BUNTY AUR BABLINR
If you've never seen a full-fledged Bollywood musical before, Bunty aur Babli is a good way to start. This enjoyable comedic romp features all the elements that Bollywood is famous for, including an achingly chaste romance, abrupt shifts in tone and plot and, of course, colorful-and slightly surreal-musical numbers in which the actors' lips never really seem in sync with the music. The film also contains a small but recognizable level of social commentary beneath the glitz and glamour. The two main characters are both young small-town dreamers who desire a life that's greater than what their modest homes can offer. At a certain level, Bunty aur Babli can be viewed as a cry of frustration from a new generation of Indians eager to take full advantage of their country's ongoing socioeconomic transformation. But don't strain too hard searching for a message-the movie's primary concern remains entertaining the audience.
That it does, with a storyline that's based heavily on Arthur Penn's 1968 classic, Bonnie and Clyde. In this case, Bonnie is a lovely young woman named Vimmi (Rani Mukerji), who decides to flee her humdrum life in a backwater village by entering the Miss India pageant. Clyde's stand-in, meanwhile, is Rakesh (Abhishek Bachchan), a business-savvy twenty-something who refuses to settle for a life as a railroad ticket taker like his father. Unfortunately, reality kicks them both in the teeth when they venture out into the big bad world. Vimmi arrives too late to register for the pageant and Rakesh has his business idea stolen by the first person he pitches it to.
The dejected dreamers first encounter each other at the railroad station as they wait for the train to take them back home. Rather than return to their dead-end lives, though, Rakesh decides that they must press on to bigger cities where opportunity is sure to strike. In order to fund this expensive proposition, he suggests that they pull a few con jobs along the way. Going by the names "Bunty" and "Babli," the duo soon make headlines with their creative schemes, most notably tricking a rich foreigner into believing that he's purchased the Taj Mahal. Everyone loves these two crazy kids...everyone, that is, except for the grizzled Inspector Singh (Bollywood legend-and the lead actor's real-life father-Amitabh Bachchan) who makes it his mission to bring Bunty and Babli to justice.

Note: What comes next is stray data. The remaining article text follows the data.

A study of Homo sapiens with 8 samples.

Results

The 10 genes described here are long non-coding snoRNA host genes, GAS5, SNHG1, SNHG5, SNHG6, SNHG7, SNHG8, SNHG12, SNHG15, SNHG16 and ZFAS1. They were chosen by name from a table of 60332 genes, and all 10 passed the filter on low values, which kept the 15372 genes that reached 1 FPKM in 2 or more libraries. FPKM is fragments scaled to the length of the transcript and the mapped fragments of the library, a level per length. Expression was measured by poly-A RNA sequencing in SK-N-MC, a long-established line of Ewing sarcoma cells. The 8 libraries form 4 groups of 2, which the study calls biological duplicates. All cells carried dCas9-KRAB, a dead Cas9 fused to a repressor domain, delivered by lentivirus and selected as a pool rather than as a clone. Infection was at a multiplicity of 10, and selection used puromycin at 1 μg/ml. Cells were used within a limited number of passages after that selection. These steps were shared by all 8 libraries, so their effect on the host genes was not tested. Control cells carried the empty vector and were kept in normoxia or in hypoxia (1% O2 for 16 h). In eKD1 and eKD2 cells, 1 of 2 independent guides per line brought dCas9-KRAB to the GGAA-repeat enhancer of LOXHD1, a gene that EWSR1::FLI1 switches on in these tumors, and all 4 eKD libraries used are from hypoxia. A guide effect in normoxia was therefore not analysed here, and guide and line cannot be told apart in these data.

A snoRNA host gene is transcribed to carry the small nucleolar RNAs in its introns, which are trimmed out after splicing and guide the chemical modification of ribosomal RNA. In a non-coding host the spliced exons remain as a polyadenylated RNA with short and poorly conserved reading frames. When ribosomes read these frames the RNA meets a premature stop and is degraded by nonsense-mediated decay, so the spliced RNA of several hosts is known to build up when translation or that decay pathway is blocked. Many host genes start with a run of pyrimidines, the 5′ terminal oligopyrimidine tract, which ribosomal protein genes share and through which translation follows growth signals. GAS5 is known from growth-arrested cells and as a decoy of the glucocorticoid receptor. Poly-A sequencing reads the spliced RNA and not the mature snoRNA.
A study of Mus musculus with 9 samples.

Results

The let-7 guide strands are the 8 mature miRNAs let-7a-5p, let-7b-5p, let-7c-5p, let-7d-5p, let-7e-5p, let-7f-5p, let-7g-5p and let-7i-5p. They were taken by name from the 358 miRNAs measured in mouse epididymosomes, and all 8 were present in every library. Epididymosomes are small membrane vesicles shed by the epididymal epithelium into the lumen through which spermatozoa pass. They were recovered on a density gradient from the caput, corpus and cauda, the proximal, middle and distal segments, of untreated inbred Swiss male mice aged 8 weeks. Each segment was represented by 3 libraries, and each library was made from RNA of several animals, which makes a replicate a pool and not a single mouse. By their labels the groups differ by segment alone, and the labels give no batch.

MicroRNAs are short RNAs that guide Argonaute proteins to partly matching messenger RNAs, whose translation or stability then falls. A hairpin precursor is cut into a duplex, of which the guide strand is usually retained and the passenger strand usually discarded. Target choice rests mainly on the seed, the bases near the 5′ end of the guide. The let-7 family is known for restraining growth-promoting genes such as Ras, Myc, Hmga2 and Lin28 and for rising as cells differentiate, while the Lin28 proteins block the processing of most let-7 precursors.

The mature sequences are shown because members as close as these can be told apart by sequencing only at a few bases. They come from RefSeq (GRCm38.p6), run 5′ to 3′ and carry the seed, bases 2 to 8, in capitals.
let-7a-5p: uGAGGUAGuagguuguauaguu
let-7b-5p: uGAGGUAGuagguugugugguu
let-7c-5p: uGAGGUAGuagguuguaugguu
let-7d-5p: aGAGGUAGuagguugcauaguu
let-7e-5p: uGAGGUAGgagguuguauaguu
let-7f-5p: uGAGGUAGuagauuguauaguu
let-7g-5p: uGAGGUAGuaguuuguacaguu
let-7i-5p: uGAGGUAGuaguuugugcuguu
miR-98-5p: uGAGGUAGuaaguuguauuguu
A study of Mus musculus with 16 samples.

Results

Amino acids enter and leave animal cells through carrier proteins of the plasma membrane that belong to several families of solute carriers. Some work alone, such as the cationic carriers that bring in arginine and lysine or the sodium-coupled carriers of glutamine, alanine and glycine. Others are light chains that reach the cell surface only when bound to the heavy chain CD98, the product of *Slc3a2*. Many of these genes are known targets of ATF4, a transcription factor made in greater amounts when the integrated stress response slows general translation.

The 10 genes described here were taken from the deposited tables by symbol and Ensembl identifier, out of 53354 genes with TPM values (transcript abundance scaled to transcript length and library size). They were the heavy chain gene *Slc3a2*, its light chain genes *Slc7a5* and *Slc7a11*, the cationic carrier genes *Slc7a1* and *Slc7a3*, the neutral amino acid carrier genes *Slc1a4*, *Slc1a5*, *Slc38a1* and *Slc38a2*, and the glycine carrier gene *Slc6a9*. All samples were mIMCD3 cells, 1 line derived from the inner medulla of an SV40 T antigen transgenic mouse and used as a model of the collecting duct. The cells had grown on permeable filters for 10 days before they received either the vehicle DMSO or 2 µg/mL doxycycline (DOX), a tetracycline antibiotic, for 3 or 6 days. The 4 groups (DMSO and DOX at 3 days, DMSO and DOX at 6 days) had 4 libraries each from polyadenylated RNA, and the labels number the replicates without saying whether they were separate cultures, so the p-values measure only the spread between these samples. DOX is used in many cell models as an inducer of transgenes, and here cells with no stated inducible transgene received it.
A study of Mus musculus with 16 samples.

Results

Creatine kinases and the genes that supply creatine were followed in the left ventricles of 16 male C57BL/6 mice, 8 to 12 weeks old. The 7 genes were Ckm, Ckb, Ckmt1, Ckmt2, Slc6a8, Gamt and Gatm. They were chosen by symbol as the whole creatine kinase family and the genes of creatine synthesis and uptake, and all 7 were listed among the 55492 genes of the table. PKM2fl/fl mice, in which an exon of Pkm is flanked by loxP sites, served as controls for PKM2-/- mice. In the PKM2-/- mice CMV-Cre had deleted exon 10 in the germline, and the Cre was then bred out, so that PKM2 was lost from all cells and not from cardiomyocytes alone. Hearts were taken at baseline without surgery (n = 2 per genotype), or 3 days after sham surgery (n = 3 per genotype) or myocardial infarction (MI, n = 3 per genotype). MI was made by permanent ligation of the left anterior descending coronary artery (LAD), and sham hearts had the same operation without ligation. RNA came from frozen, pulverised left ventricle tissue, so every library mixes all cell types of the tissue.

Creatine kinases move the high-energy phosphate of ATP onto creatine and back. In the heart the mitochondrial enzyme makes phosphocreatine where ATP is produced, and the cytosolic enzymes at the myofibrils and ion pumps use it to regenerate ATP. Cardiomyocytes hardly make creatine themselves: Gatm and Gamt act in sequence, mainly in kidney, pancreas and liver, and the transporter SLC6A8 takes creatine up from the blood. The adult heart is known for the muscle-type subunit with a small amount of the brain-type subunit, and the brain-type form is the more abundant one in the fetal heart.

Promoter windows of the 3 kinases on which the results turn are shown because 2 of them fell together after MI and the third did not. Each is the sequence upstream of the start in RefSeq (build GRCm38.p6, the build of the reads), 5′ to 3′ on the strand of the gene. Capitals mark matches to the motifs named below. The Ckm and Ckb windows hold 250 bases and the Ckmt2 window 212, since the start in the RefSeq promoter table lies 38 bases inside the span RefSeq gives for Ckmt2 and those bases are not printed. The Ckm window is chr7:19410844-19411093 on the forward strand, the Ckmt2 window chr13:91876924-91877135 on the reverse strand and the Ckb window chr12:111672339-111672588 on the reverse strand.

Aside from robbing the rich to feed themselves-and occasionally the poor-Bunty and Babli don't have a lot in common with the pair of crooks they're based on. They never kill, for one thing (their only weapons are their quick minds), and Rakesh doesn't suffer from the...er, personal issues that plagued Clyde. In fact, their romance is surprisingly hot and heavy for a Bollywood film. In the movie's biggest departure from the Bollywood formula, the two stars actually share a quick kiss on the lips during a love scene-a big no-no in this kind of production. Of course, the kiss only lasts a second and they're back to exchanging longing glances and tender hugs afterwards. That's just one of the ways Bunty aur Babli quietly challenges conventions while remaining within them at the same time. It goes without saying that the Rakesh and Vimmi eventually learn the error of their ways and return to their families to lead an honorable life. But their dissatisfaction with the status quo lingers on and you leave the theatre rooting for them to rebel again. Mainly, though, you leave with the film's flashy musical numbers reverberating in your head, particularly the addictive Bunty and Babli theme song, which sports such hilariously nonsensical lyrics as "They're spinning like tops/choreographing rip-offs." If you're already bored with the usual summer movie fare, Bunty aur Babli provides a similar level of entertainment with far fewer explosions.